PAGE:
5 Tax Deductions You Can Take When Selling Your Home

If you're selling your home and you've got a decent amount of equity, you're probably looking forward to reaping a solid profit. But home seller gains can also come from another source: tax deductions on the sale. Check out the deductions that are available to you.

Selling Costs 

If you lived in your home for at least two of the five years prior to its sale, and it was also your principal residence—and not an investment property, you can deduct costs associated with selling your home. This includes legal fees, advertising costs, fees for home staging, escrow fees, and agent commissions. These fees are deducted from the sale price of your home, which reduces your capital gains tax. 

Home Improvements and Repairs 

If you renovated your residence try to make it more marketable, you can deduct those expenses, too. Renovations might include repairing the roof, replacing a water heater, painting the house, or remodeling the kitchen and bathroom. There's one catch, though: Timing is everything. You need to have performed those renovations within 90 days of the closing date.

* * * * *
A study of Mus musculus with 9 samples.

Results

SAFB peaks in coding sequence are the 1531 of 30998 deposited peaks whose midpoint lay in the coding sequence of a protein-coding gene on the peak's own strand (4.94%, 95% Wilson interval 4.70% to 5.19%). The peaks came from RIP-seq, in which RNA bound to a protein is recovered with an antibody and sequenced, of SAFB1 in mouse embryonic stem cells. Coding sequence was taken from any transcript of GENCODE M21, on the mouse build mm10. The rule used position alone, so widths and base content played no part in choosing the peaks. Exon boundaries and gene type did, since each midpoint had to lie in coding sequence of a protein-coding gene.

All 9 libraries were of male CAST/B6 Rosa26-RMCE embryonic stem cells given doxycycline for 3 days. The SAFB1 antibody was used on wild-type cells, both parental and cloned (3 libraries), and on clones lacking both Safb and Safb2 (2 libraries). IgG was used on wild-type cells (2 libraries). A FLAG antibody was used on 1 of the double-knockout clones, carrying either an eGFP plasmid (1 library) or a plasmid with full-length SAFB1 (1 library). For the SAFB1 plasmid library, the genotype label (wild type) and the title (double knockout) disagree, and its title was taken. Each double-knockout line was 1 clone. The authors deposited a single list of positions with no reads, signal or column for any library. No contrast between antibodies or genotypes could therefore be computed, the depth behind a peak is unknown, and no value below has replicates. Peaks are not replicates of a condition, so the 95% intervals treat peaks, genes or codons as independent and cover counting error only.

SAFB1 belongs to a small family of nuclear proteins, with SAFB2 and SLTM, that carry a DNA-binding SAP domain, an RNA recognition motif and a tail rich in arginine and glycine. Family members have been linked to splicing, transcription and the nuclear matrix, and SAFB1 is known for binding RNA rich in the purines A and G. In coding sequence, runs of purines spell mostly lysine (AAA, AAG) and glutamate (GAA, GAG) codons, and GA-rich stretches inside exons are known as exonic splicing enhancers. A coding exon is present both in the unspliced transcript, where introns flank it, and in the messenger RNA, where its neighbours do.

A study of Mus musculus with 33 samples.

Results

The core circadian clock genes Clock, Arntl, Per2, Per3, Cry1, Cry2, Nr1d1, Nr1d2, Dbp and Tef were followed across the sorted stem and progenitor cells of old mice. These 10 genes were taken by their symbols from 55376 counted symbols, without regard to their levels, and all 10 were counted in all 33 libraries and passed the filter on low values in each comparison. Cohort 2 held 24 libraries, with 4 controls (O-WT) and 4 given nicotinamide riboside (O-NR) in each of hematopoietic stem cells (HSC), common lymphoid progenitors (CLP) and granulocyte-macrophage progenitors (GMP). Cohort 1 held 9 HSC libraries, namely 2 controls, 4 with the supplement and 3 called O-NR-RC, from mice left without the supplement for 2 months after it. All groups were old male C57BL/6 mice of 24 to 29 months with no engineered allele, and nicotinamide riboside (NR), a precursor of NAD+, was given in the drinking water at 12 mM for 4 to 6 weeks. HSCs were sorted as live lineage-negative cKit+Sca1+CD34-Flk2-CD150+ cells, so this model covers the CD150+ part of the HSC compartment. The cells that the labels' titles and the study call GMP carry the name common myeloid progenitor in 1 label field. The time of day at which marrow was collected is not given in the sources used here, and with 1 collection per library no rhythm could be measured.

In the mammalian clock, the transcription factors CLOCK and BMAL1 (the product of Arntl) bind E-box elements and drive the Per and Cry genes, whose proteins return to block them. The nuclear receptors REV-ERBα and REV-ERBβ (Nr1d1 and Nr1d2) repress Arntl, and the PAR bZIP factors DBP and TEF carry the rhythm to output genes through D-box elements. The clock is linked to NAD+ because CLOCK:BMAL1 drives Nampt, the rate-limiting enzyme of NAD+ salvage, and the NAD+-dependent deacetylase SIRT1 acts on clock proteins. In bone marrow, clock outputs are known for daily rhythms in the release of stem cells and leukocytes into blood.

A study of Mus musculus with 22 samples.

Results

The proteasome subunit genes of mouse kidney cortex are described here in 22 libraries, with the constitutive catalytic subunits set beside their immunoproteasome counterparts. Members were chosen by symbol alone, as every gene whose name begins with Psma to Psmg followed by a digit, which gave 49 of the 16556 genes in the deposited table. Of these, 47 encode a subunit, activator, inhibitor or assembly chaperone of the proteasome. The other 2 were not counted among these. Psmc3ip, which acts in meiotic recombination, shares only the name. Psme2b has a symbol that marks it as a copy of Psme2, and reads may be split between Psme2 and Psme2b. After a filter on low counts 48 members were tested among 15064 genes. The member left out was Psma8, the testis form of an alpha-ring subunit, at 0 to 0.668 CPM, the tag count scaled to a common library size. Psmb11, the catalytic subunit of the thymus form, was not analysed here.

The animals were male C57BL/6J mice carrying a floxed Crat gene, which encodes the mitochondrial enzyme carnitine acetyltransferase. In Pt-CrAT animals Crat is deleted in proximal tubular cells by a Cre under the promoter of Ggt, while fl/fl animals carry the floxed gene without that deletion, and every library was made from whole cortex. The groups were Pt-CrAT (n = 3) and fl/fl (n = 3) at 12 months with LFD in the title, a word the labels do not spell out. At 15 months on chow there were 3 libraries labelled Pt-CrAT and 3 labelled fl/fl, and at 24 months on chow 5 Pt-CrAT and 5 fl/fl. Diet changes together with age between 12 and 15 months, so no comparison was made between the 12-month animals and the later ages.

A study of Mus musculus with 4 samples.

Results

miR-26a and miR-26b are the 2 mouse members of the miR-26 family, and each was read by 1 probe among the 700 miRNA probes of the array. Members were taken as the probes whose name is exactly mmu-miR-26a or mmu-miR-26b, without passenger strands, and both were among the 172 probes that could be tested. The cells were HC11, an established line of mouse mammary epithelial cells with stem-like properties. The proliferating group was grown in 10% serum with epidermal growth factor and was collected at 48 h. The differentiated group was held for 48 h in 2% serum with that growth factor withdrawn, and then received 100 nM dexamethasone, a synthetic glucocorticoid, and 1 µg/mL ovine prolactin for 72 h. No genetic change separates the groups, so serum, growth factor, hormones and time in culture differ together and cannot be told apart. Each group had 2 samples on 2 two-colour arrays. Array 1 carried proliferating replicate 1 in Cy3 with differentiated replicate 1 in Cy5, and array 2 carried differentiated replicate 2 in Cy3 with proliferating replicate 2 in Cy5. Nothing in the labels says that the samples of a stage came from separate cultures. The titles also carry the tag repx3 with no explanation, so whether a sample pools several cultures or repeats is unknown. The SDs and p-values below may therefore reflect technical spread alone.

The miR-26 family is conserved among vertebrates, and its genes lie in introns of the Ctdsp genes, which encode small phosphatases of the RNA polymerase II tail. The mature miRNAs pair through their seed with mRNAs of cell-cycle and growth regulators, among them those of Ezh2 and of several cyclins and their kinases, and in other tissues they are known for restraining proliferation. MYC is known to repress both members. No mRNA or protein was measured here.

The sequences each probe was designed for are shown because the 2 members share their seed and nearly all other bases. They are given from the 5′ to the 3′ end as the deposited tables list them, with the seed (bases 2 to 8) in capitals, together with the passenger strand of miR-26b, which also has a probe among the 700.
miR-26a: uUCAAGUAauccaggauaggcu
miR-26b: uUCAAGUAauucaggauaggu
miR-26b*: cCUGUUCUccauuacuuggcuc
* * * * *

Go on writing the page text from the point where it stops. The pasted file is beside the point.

Mortgage Interest

You can deduct mortgage interest for the part of the year you owned your residence. Under the 2018 tax code, home sellers can deduct the interest on up to $750,000 of their mortgage debt. However, if you obtained your mortgage before Dec. 15, 2017, you can deduct interest on up to $1 million of your mortgage debt.

Property Taxes

As long as you continued to pay your property taxes until you sold your home, you may deduct the amount you paid in property taxes the previous year. However, the amount is capped at $10,000 for all home sellers.

Capital Gains Tax for Sellers

Capital gains are your profits after selling your home—cash that's left after paying off your expenses and outstanding mortgage debt.

You may exclude as much as $250,000 of the capital gains from the sale of your home if you’re single, and $500,000 if you’re married. However, you must have lived in your residence for at least two of the previous five years.

(Always consult your tax accountant regarding tax laws that are specific to your personal finances).